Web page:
Growers wanting to ensure effective disease control in the event of limited spraying opportunities this spring should identify fields to prioritise for treatment.
“For large cropping areas, there can be a temptation to treat everything as one,” says Dave Howard, head of integrated crop management for Hutchinsons. “But even relatively small differences in drilling date can make a big difference to disease risk.”
This is particularly true for wheat varieties with medium Septoria resistance drilled in late September and early October. “They can neither be approached as a resistant variety or a susceptible variety so other risk factors become highly important.”
Temperatures fluctuate quite a lot at that time of year, says Mr Howard, so a variation of 7-10 days in drilling date can make a big difference to the speed of disease movement and risk going into spring.
Rainfall in April and May has long been associated with increased Septoria incidence. But last year demonstrated that it can take off rapidly later, even from a low base disease level, given the right conditions.
Omnia’s wheat disease risk forecasting model provides a baseline risk assessment for any crop location. It considers factors including recommended list variety scores, drilling date and critically historic and forecast weather data.
“This gives growers a visual representation of where the main risks are and strategically plan control programmes accordingly,” says Mr Howard. The model is being further developed to forecast Septoria severity based on weekly rainfall data.
Early sowing and a largely mild, damp winter means many cereal crops are at relatively high disease risk going into spring, making early fungicides a worthwhile investment, says Hutchinsons technical development director David Ellerton.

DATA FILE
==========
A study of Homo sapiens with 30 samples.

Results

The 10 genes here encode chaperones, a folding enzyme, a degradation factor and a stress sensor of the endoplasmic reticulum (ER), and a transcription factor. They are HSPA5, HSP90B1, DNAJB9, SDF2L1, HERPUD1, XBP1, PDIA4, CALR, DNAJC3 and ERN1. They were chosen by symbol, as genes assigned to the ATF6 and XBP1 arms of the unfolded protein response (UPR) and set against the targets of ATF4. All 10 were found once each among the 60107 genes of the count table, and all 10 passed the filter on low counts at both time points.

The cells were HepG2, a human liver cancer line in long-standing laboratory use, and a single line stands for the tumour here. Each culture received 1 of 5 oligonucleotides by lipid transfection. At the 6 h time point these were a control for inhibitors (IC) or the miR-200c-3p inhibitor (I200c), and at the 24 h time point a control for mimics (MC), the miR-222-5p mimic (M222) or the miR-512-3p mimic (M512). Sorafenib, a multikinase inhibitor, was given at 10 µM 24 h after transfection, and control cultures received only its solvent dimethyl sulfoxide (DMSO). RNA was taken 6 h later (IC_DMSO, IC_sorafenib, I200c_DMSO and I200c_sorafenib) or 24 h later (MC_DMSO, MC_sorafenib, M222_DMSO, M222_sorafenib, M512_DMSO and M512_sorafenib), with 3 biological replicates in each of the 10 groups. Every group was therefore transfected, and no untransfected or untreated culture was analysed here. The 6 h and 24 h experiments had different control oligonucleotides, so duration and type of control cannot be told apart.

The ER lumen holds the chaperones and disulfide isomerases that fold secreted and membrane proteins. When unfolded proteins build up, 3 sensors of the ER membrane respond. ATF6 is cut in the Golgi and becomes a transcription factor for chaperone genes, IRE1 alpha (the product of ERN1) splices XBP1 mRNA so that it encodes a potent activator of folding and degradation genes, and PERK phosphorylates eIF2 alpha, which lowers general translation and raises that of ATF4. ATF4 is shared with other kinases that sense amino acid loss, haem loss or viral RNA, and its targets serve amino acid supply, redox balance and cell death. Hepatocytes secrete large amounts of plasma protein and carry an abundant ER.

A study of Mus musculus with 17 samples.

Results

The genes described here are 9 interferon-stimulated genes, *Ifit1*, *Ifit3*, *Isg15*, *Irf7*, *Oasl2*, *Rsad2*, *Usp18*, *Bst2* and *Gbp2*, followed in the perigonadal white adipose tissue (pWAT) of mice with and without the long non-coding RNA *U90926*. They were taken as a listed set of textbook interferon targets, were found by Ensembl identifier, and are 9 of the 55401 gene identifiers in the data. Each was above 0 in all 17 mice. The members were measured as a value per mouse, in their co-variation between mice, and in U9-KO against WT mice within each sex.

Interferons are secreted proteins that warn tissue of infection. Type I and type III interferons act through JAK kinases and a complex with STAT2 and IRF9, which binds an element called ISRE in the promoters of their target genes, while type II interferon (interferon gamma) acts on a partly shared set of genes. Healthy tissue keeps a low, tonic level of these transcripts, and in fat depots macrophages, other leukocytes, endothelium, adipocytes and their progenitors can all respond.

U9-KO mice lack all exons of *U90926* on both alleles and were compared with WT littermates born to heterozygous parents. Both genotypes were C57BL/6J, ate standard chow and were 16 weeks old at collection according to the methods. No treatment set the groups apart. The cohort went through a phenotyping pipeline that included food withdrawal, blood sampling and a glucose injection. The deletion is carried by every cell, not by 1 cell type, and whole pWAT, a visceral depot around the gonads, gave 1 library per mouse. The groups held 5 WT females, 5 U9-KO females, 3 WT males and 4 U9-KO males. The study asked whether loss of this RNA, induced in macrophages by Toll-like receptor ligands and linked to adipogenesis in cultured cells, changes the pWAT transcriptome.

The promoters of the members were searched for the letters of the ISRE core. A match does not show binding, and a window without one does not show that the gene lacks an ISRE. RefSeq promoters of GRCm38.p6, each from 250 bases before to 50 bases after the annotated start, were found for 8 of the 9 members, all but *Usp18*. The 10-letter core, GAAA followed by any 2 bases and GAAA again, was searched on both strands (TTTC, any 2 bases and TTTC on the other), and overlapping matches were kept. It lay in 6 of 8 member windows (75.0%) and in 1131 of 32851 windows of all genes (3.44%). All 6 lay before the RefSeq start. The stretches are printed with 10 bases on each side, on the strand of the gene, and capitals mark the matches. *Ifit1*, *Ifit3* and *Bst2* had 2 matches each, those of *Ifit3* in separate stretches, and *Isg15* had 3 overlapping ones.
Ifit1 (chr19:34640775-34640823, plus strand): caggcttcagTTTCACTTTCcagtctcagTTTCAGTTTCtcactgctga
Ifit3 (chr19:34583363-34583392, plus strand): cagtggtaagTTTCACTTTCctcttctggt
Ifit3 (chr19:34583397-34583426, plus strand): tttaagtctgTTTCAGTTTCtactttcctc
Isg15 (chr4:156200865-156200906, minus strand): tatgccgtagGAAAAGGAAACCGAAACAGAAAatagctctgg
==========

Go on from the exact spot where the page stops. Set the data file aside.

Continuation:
“We saw a lot of rust, mildew and Septoria on lower leaves at the start of the year, and although January frosts slowed disease down, generally thick, early-sown crops will be at higher risk if conditions are conducive,” says Dr Ellerton.
Yellow rust control should be the focus of the first fungicide spray, usually applied to winter wheat around growth stage 25-30. “If you’ve got yellow rust, it’s important to knock it out early with a tebuconazole or metconazole-based fungicide.”
Modes of action
Including a strobilurin such as azoxystrobin or pyraclostrobin, can bring extra persistence – but strobilurins should not be used alone. “Resistance management guidelines state strobilurins must be mixed with a fungicide with a different mode of action.”
Spray programmes should prioritise susceptible varieties rated 3 or 4. These include Skyfall, KWS Kinetic, KWS Zyatt or RGT Wolverine, which were hit particularly hard by yellow rust last year, but will give greatest yield response to treatment.
“Varieties with higher Recommended List ratings cannot be ignored though, especially if it is based on adult resistance, which may not kick-in until late in the season,” says Dr Ellerton.
“Varieties with reasonable adult resistance, such as KWS Barrel or RGT Gravity can still be vulnerable to disease as young plants. If disease establishes early, it can cause significant damage before adult resistance takes effect, so needs controlling.”
Early treatment is paramount for yellow rust control. But Dr Ellerton advises growers check product labels carefully and consult their agronomist, as some products cannot be applied before GS 30.
“Straight tebuconazole or azoxystrobin cannot be used pre-GS 30, whereas some mixes containing tebuconazole can. Also, remember nitrogen strategy affects disease risk, with stressed crops, or those with excess nitrogen, potentially more prone to yellow rust.”
Last year’s emergence of Septoria races with virulence to Cougar makes early protection particularly important for varieties with Cougar parentage, such as RGT Saki or KWS Firefly, adds Dr Ellerton.
Following the withdrawal of multi-site chlorothalonil, which was the go-to option, folpet is now the main fungicide for Septoria protection where risk is high. Where mildew is a threat, prothioconazole offers reasonable early season control.
The strongest mildewicide, cyflufenamid, cannot be used until the beginning of stem elongation. “The biostimulant Scyon can play a useful role within integrated disease control programmes,” says Dr Ellerton.
“Its combination of naturally occurring, signalling metabolites strengthens the plant’s natural defences and maximizes nutrient uptake, making plants healthier and better able to fight off disease,” he explains.